At any given time, there are thousands of naturally-occurring bacteria in your mouth living on the surface of your teeth. Excess bacteria can be removed from your teeth through regular brushing, flossing, and routine dental cleanings.
Dental cleanings usually include:
Tartar (also referred to as calculus) is a calcified plaque that builds up on the surface of the tooth. It usually forms below or above the gum line and can only be cleaned with specialized dental tools by a dental professional.
To effectively remove tartar and plaque, we first need to know exactly where the deposits are. Some are visible above the gumline, while others will require a deeper inspection. During a dental exam, your dentist may take x-rays of your teeth to see the position of your teeth, but also look for cavities and tartar deposits.
Helps get rid of stains and plaques that exist on the teeth to give your teeth a cleaner appearance.
Types of Dental Cleanings
There are four types of dental cleanings, and upon dental evaluation during an oral exam, we will determine the best option for you depending on the amount of plaque and tartar on your teeth.
The word prophylaxis means “to prevent disease”. A dental prophylaxis, otherwise known as a routine cleaning, is a procedure is performed on healthy patients who just need a little maintenance in order to ensure oral health, and should be part of regular dental hygiene. A prophylaxis cleaning is an important dental treatment for stopping the progression of gingivitis, gum disease, and tooth decay.
During this procedure, your teeth will be thoroughly cleaned, by removing plaque and tartar from the front, back, and sides of teeth using a dental scaler or water stream. Most dental patients only require this type of cleaning, especially if they have kept up on daily dental hygiene and semi annual dental appointments.
Recommended once every six months by the American Dental Association, routine dental cleanings are a great way to ensure your oral health! Prevent dental issues caused by bacteria growth, by removing excess plaque and tartar (where bacteria is found).Read More
Scaling and root planing dental cleanings, also referred to as deep cleanings, is a slightly more invasive teeth cleaning procedure (although it is non-surgical) which involves deep cleaning of the teeth and gum pockets in order to treat gingivitis and periodontitis, by removing tarter and plaque built-up underneath the gum line, and also by creating smooth and clean root surfaces.
Deep cleanings for gingivitis are usually completed in a single dental appointment. Deep cleanings for periodontitis may require multiple appointments and local anesthetics, depending on the severity.
Our registered dental hygienist will recommend a deep cleaning if you are showing any signs of periodontal disease (gum disease). Some common symptoms include red, swollen, bleeding, or receded gums; as well as bad breath.
To determine if you have periodontal disease and if a deep cleaning can benefit your oral health, schedule a consultation with us today.
A full mouth debridement is a type of deep dental cleaning used to remove tartar and plaque in all areas of the mouth. While this procedure is aimed at individuals who have not visited the dentist in several years, and are likely to have a fair amount of plaque built-up on the gums, teeth and in between teeth; not everyone who has not visited the dentist in a while receives a full mouth debridement.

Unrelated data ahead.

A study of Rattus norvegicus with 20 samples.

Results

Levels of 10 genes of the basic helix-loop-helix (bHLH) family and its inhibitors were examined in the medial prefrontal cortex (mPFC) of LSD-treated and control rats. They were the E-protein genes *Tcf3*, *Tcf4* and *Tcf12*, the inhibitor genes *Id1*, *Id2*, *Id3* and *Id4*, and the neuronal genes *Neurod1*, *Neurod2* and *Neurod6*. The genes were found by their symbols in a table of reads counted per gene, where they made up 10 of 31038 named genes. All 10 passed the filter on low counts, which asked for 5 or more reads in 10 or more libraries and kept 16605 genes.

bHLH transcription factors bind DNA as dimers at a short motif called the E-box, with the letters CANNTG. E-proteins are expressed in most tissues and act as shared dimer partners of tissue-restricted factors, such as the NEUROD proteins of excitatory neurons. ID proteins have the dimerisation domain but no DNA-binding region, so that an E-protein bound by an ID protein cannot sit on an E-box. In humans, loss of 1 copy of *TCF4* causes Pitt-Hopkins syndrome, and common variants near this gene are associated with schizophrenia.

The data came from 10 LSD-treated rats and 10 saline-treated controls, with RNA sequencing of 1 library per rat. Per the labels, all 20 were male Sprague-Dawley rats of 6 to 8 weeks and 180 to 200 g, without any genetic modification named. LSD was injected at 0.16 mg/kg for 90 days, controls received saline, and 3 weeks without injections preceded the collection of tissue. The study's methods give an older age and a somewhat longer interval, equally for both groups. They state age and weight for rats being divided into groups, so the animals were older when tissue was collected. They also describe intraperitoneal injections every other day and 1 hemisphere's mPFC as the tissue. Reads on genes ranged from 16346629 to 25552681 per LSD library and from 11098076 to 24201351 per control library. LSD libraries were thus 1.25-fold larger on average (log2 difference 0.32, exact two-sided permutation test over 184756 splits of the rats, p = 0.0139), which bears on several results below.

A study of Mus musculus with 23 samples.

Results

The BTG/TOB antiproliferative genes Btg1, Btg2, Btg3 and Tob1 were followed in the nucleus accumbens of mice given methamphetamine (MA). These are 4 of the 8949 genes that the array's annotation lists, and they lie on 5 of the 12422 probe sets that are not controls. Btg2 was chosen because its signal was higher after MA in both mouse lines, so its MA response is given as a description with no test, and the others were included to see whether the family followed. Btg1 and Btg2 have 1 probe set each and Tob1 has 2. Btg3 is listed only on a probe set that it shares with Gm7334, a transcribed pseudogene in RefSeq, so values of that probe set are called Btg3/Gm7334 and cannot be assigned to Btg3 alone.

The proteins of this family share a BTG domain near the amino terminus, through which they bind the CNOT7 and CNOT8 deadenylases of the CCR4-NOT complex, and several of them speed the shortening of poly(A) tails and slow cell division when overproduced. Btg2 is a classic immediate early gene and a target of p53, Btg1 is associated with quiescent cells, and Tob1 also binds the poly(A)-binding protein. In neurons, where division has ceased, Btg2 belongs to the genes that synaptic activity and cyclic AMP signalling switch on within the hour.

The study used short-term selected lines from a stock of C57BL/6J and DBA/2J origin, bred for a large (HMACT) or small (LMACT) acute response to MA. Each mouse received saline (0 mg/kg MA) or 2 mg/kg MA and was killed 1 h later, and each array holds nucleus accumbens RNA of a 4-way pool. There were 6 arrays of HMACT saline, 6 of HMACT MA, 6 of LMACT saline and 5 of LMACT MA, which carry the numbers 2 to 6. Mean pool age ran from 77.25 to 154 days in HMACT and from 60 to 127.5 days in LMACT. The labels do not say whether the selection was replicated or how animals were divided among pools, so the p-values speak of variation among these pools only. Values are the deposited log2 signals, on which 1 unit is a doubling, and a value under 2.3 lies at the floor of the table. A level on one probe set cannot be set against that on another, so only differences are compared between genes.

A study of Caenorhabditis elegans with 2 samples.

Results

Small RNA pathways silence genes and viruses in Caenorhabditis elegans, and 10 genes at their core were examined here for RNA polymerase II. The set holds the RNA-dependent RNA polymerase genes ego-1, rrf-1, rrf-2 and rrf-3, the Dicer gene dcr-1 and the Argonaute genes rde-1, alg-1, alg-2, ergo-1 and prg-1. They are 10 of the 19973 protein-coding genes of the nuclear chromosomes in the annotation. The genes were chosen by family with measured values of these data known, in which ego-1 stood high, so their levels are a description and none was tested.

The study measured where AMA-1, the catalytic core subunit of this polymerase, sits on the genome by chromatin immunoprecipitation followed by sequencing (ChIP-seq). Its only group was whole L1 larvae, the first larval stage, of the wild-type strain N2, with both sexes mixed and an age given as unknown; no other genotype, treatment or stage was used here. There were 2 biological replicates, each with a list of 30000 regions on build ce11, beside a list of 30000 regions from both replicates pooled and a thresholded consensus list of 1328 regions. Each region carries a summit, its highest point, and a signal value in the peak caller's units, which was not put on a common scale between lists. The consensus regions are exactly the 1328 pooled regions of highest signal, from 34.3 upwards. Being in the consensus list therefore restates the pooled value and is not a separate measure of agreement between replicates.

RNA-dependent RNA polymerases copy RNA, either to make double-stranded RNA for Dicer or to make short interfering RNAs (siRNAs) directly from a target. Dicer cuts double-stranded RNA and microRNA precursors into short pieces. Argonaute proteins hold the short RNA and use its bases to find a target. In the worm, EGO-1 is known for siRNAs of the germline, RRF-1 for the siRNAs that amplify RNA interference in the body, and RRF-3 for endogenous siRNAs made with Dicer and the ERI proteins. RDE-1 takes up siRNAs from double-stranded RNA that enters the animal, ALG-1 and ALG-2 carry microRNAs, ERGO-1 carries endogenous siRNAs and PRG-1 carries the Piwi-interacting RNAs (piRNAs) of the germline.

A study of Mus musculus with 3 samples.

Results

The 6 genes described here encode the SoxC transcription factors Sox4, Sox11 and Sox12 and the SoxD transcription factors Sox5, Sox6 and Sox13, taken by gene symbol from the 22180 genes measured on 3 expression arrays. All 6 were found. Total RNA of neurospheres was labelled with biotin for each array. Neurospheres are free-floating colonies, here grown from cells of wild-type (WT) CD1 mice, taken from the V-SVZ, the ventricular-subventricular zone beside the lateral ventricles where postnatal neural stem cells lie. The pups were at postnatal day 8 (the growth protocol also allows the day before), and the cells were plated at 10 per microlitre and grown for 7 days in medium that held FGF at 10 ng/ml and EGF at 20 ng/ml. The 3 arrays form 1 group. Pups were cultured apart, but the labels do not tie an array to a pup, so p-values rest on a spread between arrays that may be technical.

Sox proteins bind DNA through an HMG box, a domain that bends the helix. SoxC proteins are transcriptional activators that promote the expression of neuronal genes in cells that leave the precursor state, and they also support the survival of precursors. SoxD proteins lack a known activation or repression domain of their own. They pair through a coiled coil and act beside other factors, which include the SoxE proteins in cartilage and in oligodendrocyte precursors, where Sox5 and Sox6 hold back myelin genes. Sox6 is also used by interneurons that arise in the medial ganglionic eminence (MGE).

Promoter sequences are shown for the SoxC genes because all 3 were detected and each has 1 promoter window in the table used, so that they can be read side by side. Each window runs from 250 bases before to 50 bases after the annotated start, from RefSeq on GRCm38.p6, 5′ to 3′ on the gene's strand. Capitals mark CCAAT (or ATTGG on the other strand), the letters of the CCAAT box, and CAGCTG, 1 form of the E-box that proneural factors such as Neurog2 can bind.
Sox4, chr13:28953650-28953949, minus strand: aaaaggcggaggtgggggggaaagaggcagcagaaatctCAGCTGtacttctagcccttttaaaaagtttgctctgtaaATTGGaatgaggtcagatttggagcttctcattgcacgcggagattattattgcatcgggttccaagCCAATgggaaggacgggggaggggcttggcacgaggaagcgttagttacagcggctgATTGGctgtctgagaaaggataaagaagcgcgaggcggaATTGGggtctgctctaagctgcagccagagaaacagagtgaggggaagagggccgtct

The first thing we do is perform an oral examination to determine what type of cleaning is the best option for you. After your initial oral exam, we will decide whether a routine prophylaxis teeth cleaning is enough or if a full mouth debridement is needed before the prophylaxis cleaning.
During a full mouth debridement, plaque is first removed with a scaler tool. Because tartar is hardened plaque and it has been in place for awhile, a special electric tool is usually required to loosen and remove tartar from the teeth. Once this is complete, a regular prophylaxis cleaning will be performed.
You might think that dental checkups are always the same. While both regular cleanings and periodontal maintenance are performed on a routine schedule, they differ in that one is a preventative measure, and the other is a treatment.
Periodontal maintenance is a routine dental cleaning for patients with periodontal disease, those who had a periodontal procedure, or present other serious oral concerns. This type of cleaning is deeper and it targets periodontal pockets. Periodontal maintenance is for patients with periodontal disease.
Similar to a regular teeth cleaning, periodontal maintenance removes tartar buildup from the teeth. Unlike a normal, preventative cleaning, periodontal maintenance is a treatment prescribed to combat periodontal disease. It involves both scaling and root planing, meaning tartar must be removed from deep between the teeth and gums.
During a periodontal maintenance appointment, our hygienist will remove tartar build up from in between your teeth and gums down the entire length of each tooth, stopping where the gum, root and bone meet. Your hygienist will carefully monitor the depth of each pocket in your gums and irrigate these pockets with antiseptic medications, if inflammation or infection are present.
The type of dental cleaning we choose to use will depend on what we find during your dental exam. While all of these dental cleaning methods have the same basic concept, they each offer a slightly different approach based on each specific case.
Now that you understand the four different types of teeth cleanings, only one question remains: how long has it been since your last dental cleaning?
Schedule your next cleaning with us today!